Agriculture trading and procurement are challenging because agriculture products require specific weather conditions to grow. With climate change shifting weather patterns, managing crops is becoming increasingly difficult. One heat wave, extended rainfall, or sudden frost can kill an entire crop. Commodities often travel thousands of miles across oceans or continents to reach their final destination, so transportation challenges complicate matters as well.
Each agriculture commodity is unique, so you can’t just pick a CTRM for agriculture or softs and assume it will work well for your company. Prices for different commodities use different units – some are priced by pound, ton, bale, or bushel – and different currencies.
You need a CTRM system that can price your commodity, or commodities, correctly.
Currencies and units of measure are not the only differences. Each commodity has different physical characteristics and rules for trading. For example, coffee and cocoa have unique attributes that must be managed by your CTRM.
Coffee is priced based on factors including origin, grades, certifications, and flavor patterns. Terminal markets sometimes use different units of measure than traders and merchandisers. Trading practices can be different in different geographical regions and vary with the type of trade.
The coffee commodity chain is complex and requires flexible logistics CTRM functionality. Your CTRM must manage splitting and combining containers, truckloads, and pallets of bags.
Coffee prices are impacted by consumer tastes and the correlation between Robusta and Arabica coffees is an important factor in pricing. As demand for one coffee increases, the price for that type will rise. However, without an increase in overall coffee demand, demand and price for the other type of coffee will fall. Traders must track pricing of both the type of coffee they normally trade and the type they may rarely trade.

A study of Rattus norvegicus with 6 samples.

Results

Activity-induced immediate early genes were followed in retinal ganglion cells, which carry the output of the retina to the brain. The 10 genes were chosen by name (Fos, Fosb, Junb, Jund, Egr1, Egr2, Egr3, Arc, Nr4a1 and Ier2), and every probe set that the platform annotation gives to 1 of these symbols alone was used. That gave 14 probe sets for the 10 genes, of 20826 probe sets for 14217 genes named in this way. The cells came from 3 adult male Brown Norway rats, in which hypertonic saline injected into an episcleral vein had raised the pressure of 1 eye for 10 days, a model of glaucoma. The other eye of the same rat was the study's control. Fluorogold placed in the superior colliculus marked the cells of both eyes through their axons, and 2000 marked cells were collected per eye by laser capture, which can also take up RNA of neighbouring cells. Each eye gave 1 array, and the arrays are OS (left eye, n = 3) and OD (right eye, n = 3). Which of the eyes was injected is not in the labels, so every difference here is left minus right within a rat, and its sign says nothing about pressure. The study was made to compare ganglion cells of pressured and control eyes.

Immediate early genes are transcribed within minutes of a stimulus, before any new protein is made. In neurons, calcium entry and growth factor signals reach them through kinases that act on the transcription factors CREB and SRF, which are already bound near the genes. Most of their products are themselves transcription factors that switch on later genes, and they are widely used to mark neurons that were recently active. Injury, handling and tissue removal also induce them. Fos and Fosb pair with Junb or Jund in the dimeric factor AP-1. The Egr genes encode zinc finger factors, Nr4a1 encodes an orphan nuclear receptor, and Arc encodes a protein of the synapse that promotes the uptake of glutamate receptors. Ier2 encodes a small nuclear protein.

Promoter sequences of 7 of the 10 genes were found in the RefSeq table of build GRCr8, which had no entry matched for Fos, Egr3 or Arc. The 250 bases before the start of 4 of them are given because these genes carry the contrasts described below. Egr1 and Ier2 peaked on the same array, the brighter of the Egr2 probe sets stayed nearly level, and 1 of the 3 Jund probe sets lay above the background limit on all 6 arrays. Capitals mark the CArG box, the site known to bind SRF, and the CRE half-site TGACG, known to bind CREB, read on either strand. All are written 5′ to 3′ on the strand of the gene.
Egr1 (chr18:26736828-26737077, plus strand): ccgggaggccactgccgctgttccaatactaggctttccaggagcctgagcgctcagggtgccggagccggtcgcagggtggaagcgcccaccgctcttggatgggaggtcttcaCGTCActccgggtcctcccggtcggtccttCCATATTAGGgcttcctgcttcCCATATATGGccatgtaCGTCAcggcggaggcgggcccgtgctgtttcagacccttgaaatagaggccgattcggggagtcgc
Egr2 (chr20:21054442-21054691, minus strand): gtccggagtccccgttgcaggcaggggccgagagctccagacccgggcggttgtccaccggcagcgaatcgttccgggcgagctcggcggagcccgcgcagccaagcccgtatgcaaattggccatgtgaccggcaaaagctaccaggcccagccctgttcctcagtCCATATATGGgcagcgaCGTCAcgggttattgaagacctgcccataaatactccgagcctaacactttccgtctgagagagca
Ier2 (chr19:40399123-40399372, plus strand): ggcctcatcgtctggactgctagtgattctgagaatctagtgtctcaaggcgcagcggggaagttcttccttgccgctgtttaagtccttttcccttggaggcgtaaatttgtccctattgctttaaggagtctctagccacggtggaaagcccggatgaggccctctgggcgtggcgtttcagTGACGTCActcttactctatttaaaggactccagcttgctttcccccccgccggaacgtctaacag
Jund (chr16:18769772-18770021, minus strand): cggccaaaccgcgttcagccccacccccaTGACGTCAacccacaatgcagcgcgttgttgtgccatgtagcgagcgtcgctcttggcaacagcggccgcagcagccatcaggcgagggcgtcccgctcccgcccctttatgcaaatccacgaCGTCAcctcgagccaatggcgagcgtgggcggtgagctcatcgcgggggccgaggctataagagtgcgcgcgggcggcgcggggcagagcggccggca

Traceability is a growing area of concern for all coffee merchants. Fair trade certifications, which can include sustainability and fair-trade practices, are increasingly required by major coffee distributors for each bag of coffee traded. You need to capture coffee from origin throughout the supply chain.
Your Coffee CTRM system must manage all these variables.
Cocoa trading and procuring are also complicated. Cocoa is traded on multiple exchanges in multiple currencies, and attributes including bean size, infestation, and certification impact price. The chocolate industry, the primary market for cocoa, also consumes semi-finished products such as cocoa powder, cocoa butter, and cocoa liqueurs. These products are normally traded, priced, and hedged based on their underlying relationship with cocoa.
Cocoa is shipped from small farms in South America and Africa to processing and distribution centers primarily in Europe and North America. If cocoa isn’t properly ventilated while in transit, it will become sweat-damaged. If holds and containers are not properly fumigated, infestations may occur. Cross-infestation from other cocoa on board may occur if the shipping line is not vigilant.
Cocoa CTRM systems must account for these transportation risks.
The cocoa trade has been targeted for fair trade rules and monitoring. The ability to track cocoa production from field to consumer is an increasingly important consideration for traders and industrial consumers such as confectioners and other food manufacturers.
Traceability is essential for a Cocoa CTRM solution.
In CTRM, agricultural and soft commodities are often lumped together as “ags and softs.” This grouping ignores the subtleties and complexities of trading each commodity. It’s true that all ags and softs face climate and shipping challenges, but they also have unique attributes.
You need a CTRM system that can manage all the unique attributes of your commodities, whether that is ensuring sustainability certificates are assigned correctly after a lot has been split or repackaged or maintaining control of cocoa nibs through processing to cocoa butter.